Interview with Salvatore Difalco

VOLUME II, ISSUE I

What is the current project you are working on?

After a few years of sustained short story writing, I am turning again to the novel. A
noirish tale about a retired hitman with dementia. His chickens have come home to
roost as it were.

What is the one piece of writing advice, good or even bad, that you have received that has impacted you most?

It may seem a little odd, but a tip I picked up from Stephen King of all people, has
become one of the most important tools in my writing toolbox. An early editor once told King to reduce his finished work by 10-percent as he found it too “puffy.” I have used the 10-percent solution as a cold technical exercise to sharpen my work. That is to say, if I write 1000 words I will cut it down to 900 – NO MATTER WHAT. The results, as with most compression, have been wonderful. It’s amazing what words can be let go as you perform this exercise. The resulting prose is always crisper, sharper, and moves with lighter feet. I have even used the more radical 20-percent solution—which yields even sharper (albeit starker) prose. The message is simple and invaluable: compression improves almost any kind of writing.

What are some of the greatest influences upon your writing, whether other writers or outside influences?

Early on, I fell under the spell of the Irish triumvirate of Beckett, Joyce, and Flann
O’Brien. Then for years I was intoxicated by the poet John Ashbery. I am also a student
of modern art (by which I mean 20th century painting/sculpture), and see its influences
in my imagery and colour palette. Also, jazz guitarist, Wes Montgomery, for years the
soundtrack of my world, has undoubtedly inspired me to find the right groove with
anything I write.

Do you have a favorite place to write, or are there any habits, inspirations, or rituals that help you?

I can, and have, written almost anywhere, often with the chair about to be yanked out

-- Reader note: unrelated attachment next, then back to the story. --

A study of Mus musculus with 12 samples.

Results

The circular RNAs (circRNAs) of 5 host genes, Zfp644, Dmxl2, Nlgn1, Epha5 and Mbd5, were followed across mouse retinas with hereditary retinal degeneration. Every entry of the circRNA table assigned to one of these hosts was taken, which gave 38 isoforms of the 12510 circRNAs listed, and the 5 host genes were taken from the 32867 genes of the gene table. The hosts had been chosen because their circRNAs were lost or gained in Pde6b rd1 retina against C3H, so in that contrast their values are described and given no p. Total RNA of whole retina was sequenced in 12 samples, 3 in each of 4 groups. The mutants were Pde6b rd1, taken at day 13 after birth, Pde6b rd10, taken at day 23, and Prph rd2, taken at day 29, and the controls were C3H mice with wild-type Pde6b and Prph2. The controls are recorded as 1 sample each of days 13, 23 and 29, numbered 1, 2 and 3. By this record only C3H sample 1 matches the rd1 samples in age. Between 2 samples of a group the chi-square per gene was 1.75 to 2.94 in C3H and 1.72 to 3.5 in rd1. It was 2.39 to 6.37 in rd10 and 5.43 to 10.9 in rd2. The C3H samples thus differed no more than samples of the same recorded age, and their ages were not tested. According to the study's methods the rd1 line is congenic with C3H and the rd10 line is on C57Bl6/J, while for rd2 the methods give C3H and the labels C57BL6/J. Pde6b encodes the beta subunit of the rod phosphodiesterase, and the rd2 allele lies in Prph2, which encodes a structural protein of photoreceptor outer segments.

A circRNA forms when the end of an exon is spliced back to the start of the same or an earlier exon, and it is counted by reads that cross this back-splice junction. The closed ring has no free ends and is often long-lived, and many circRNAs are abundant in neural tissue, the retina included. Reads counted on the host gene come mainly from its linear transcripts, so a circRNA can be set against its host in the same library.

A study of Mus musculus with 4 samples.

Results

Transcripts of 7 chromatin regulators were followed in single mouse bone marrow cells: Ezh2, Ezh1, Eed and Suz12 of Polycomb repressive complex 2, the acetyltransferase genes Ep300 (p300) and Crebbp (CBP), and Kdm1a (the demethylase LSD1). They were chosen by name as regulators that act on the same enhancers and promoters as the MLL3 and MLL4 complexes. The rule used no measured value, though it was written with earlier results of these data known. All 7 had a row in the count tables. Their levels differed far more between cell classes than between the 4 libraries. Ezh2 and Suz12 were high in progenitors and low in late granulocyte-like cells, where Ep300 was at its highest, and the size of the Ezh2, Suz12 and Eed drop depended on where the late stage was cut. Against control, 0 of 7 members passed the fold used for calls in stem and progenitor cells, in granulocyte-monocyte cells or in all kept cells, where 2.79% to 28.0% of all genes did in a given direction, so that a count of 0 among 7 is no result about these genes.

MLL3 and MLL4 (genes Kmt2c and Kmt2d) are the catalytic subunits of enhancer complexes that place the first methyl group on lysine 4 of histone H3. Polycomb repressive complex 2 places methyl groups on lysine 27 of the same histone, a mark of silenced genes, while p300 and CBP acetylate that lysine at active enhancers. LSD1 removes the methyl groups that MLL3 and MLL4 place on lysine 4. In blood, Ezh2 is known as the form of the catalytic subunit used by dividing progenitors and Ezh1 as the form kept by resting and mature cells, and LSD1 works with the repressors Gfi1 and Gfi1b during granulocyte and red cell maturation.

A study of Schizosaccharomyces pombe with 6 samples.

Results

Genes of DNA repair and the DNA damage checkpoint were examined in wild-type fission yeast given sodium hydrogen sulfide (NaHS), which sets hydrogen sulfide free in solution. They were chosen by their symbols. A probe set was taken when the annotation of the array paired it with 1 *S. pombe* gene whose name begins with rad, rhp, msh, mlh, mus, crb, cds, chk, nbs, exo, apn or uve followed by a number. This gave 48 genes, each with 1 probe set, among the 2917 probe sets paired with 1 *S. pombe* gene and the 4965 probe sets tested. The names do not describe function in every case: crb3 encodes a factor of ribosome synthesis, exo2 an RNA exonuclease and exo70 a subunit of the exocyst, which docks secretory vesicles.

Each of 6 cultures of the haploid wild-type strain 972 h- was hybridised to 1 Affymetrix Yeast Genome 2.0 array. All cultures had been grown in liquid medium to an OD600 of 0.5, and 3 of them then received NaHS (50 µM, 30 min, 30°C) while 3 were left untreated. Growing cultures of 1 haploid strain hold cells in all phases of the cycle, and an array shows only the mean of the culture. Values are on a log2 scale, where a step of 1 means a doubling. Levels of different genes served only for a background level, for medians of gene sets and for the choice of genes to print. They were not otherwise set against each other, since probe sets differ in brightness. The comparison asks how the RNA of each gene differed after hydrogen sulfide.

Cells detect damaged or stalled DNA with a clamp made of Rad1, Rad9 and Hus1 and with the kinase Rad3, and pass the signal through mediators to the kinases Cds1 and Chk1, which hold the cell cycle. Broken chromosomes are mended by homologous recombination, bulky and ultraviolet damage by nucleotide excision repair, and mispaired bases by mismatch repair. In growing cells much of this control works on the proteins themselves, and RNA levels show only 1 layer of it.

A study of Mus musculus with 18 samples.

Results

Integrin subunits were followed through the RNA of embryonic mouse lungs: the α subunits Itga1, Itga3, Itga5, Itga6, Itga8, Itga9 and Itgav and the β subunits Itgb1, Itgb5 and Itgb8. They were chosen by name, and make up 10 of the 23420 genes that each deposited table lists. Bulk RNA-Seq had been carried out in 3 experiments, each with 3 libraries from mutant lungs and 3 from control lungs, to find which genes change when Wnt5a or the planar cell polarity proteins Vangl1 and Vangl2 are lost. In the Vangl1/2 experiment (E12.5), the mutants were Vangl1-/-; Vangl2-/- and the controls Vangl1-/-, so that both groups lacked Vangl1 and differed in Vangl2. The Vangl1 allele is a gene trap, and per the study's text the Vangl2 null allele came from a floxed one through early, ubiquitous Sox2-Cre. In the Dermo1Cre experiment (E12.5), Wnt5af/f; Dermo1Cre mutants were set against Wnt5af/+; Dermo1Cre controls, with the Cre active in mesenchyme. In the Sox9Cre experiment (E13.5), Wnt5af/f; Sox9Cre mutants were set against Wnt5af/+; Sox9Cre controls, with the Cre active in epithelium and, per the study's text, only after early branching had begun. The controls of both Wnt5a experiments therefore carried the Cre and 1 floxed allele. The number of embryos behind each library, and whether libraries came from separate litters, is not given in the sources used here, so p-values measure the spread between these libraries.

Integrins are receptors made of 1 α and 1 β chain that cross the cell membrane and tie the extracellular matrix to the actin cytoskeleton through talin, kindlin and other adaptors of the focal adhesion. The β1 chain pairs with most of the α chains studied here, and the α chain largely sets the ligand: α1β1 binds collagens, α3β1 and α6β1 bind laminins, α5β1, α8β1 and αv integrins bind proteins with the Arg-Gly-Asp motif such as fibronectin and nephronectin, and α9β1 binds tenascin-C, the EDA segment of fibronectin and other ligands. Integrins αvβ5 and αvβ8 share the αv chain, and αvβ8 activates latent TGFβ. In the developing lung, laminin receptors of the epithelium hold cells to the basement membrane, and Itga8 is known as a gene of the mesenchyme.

from under my butt, or someone from a collection agency banging on my door. Coffee is essential. French press, Black Horse Three Sisters ground fresh. Or barring that, any dark, caffeinated beverage. The rest is teeth grinding and muscle memory driving the fingers as swiftly as possible across the keyboards, or if a computer is unavailable scribbling feverishly into a note pad. I write when and where I can. Sometimes—often it’s like a criminal act, secretive, adrenalin-spiking, and not approved by anyone.

How do you find inspiration for you work, particularly this piece?

I’ve been reading a lot of Philip K. Dick as of late. A marvelous fabulist. Also, I have
been reading about humanity’s future, both the most pessimistic and cliched
assessments, and a few more positive ones. We are constantly reminded—and remind
ourselves—how unnatural so much of what we do is. But I find that premise absurd.
We’re made of stardust, of atoms. We are of nature, not apart from it, as much as our
theologians and naturalists would like to suggest. Whatever we create is really not
“apart” from nature. Are we not merely instruments of nature to further recreate or to
contemplate itself? Thus, were all the trees to die as a result of our reckless and selfish
behavior, or a “natural” calamity, who’s to say that our more progressive and advanced
successors couldn’t recreate something as beautiful and useful as a tree, or a forest?
We are creators, we should never forget that. And we aren’t separate from the natural
world. We are finding our way, true, stumbling badly at times, but perhaps, contrary to
doomsayers—we will find the right way despite our deficiencies and current primitivism.

What inspired you to create the tree-less world of “The Forest?” What kind of research went into it?

I have partially answered this above. But indeed, I meticulously researched the subject
in scientific journals—i.e. photovoltaic leaves—and tested my premise that given some
future catastrophe, a better version of ourselves could recreate a forest, and perhaps
anything else already existing in nature. I think the key to our success and survival will
rest, in the end, with our resourcefulness and creativity.